WASHINGTON, D.C. — The New Mexico Senate passed a bill on Tuesday that would ban guns near polling places and drop boxes.
The Democratic-controlled Senate approved the bill in a 26 to 16 vote, with only one Democrat joining every Republican in opposition. The bill would ban the possession of a firearm within 100 feet of a polling place and 50 feet of a drop box. “Given where we are as a country with elections, having guns (kept) out of polling places in my opinion — and I respect that there’s a difference of opinion on this — but I think it makes a lot of sense,” said Sen. Peter Wirth (D), the state Senate majority leader and a cosponsor of the bill, according to the Associated Press.
It’s not the first time the New Mexico Senate tried to ban guns near polling places. The Senate passed a similar bill in last year’s legislative session but did not make it to a vote in the House chamber. The new version of the bill differs in that it would add language clarifying that people are allowed to leave their guns in their vehicle while they vote, and that people are allowed to carry firearms near voting places if they’re “conducting lawful, non-election-related business.”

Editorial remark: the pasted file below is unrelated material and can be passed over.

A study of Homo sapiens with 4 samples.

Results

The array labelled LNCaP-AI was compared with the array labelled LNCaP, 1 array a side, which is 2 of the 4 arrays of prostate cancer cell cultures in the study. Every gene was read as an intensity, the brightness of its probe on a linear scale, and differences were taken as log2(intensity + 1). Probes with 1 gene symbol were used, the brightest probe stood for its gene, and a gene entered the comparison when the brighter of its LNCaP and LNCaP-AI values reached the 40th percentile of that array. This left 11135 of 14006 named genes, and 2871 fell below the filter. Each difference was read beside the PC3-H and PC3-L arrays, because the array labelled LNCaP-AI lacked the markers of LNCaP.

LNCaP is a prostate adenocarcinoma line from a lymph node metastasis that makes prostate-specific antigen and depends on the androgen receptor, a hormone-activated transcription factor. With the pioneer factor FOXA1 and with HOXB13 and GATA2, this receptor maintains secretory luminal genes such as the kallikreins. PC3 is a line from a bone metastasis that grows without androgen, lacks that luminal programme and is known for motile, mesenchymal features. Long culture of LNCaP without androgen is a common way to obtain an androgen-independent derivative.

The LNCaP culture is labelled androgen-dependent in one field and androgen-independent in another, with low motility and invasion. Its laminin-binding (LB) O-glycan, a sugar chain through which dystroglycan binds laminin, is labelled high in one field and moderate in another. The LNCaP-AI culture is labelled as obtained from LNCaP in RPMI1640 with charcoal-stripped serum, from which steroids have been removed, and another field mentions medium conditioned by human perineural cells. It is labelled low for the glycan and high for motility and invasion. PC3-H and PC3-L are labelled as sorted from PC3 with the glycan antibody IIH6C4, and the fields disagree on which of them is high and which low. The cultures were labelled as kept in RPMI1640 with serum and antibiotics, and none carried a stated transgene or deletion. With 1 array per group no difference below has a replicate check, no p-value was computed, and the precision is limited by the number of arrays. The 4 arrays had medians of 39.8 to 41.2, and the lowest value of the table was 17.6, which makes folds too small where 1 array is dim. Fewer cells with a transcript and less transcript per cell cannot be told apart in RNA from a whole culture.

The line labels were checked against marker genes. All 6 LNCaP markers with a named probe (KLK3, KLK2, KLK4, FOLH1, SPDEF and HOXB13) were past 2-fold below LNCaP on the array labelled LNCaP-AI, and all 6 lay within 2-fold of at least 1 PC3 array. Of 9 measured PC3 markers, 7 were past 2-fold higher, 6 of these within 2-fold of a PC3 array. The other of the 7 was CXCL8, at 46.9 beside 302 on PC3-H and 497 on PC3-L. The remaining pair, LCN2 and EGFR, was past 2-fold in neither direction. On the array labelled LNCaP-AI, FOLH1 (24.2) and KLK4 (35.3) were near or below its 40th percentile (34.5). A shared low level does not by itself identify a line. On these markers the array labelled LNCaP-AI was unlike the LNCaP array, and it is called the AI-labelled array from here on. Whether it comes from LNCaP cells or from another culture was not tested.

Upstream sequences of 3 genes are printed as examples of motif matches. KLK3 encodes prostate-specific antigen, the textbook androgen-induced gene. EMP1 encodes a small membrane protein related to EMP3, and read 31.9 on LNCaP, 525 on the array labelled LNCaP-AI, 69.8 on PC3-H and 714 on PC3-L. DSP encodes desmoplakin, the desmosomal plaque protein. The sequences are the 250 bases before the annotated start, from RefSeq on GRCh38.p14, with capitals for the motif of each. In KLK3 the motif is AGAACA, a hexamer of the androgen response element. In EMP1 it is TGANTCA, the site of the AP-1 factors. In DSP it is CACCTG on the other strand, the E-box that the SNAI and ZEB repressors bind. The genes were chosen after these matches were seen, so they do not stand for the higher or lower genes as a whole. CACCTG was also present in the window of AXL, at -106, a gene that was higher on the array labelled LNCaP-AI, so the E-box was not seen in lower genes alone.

In the aftermath of the 2020 election, which saw a sharp rise in threats of violence at polling places and voter drop boxes, a number of states took measures to reduce the threat of violence while voting. In Arizona, for example, vigilantes — some armed — staked out drop boxes in the 2022 midterm election, following and intimidating voters as they dropped their ballots off at drop boxes for early voting. The League of Women Voters sued Melody Jennings, the leader of the group that spearheaded drop box monitoring throughout the state. The lawsuit was settled, with Jennings agreeing to stop monitoring drop boxes and put out a statement condemning voter intimidation.
Eleven states and Washington, D.C. have laws that ban guns near voting sites. A recent report investigating the impact of guns on voting from the nonprofit legal think tank, the Brennan Center For Justice, concluded that the recent rise in political violence, along with the U.S. Supreme Court’s recent expansion of Second Amendment rights “create a growing risk of gun violence in our elections.”
The New Mexico bill now heads to the House of Representatives, where it needs to go through a committee vote and full House vote. New Mexico’s Democratic governor Michelle Lujan Grisham has already voiced support for the bill.